Contact us today to schedule a visit and see for yourself what it means to spend time with the ones you love most at Balsam Mountain Preserve
It's not hard to take a different path ... here there are more than 42 miles of them. Private. Groomed. Winding through former logging roads, each with endless opportunity for adventure.
Hiking may inherently be a solitary experience, and the rewards of this time alone with nature, especially in today’s world, could not be more profound. The words of Emerson, Thoreau and Abbey are as constant a companion as are the wildlife who share the mountain. But taking to the trail can also be quite the little social outing — a chance to share the experience and news of the day on a leafy jaunt with friends is an essential part of the social fabric on the mountain. The takeaway is that the trails at Balsam, all 42 miles of them — are a joy alone or shared, whenever the hour or season.
Balsam has one of the most impressive trail systems anywhere in the South. But right alongside of every trail are miles of streams that rush, cascade, babble and roar — a wonderland of water, light and leaf. All beckon to be explored.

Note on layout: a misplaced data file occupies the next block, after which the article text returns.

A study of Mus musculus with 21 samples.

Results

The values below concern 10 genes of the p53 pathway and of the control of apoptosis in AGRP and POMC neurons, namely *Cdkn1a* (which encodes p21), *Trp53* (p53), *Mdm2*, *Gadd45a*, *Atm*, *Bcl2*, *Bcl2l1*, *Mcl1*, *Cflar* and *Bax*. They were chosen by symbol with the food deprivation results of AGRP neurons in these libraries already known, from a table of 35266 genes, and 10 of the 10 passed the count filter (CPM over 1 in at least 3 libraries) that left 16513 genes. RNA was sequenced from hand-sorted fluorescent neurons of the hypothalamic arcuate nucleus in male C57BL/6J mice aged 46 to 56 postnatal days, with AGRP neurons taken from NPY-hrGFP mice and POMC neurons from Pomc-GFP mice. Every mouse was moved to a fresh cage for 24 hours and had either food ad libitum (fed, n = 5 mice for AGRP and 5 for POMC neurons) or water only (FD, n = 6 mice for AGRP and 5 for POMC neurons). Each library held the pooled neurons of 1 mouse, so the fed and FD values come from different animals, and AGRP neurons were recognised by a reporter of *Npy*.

It might be those with a curious nature who, while wandering the Preserve, kneel down and spy an apparent artifact that was either chipped out of native stone or acquired through trade with a nomad from the Tennessee River Valley and came to rest here. Western North Carolina’s human history is replete with these types of discoveries and the Preserve is no different.
Walk in deep woods under the tree canopy, watch for deer, smell the aroma of the forest botanicals, and admire the Carolina blue sky through the trees. Some of the trails meander into the Nantahala National Forest — a 500,000-acre playground that forms the Preserve’s southern border.
Balsam Mountain Trust employs three full-time naturalists to help manage resources, provide educational opportunities, conduct research, and more. With backgrounds in zoology, ornithology, and botany, our naturalists offer guided hikes on the Preserve’s trail system all year long. Watch your children’s or grandchildren’s eyes light up the first time they see a wild turkey or turn over a rock to discover a colorful salamander!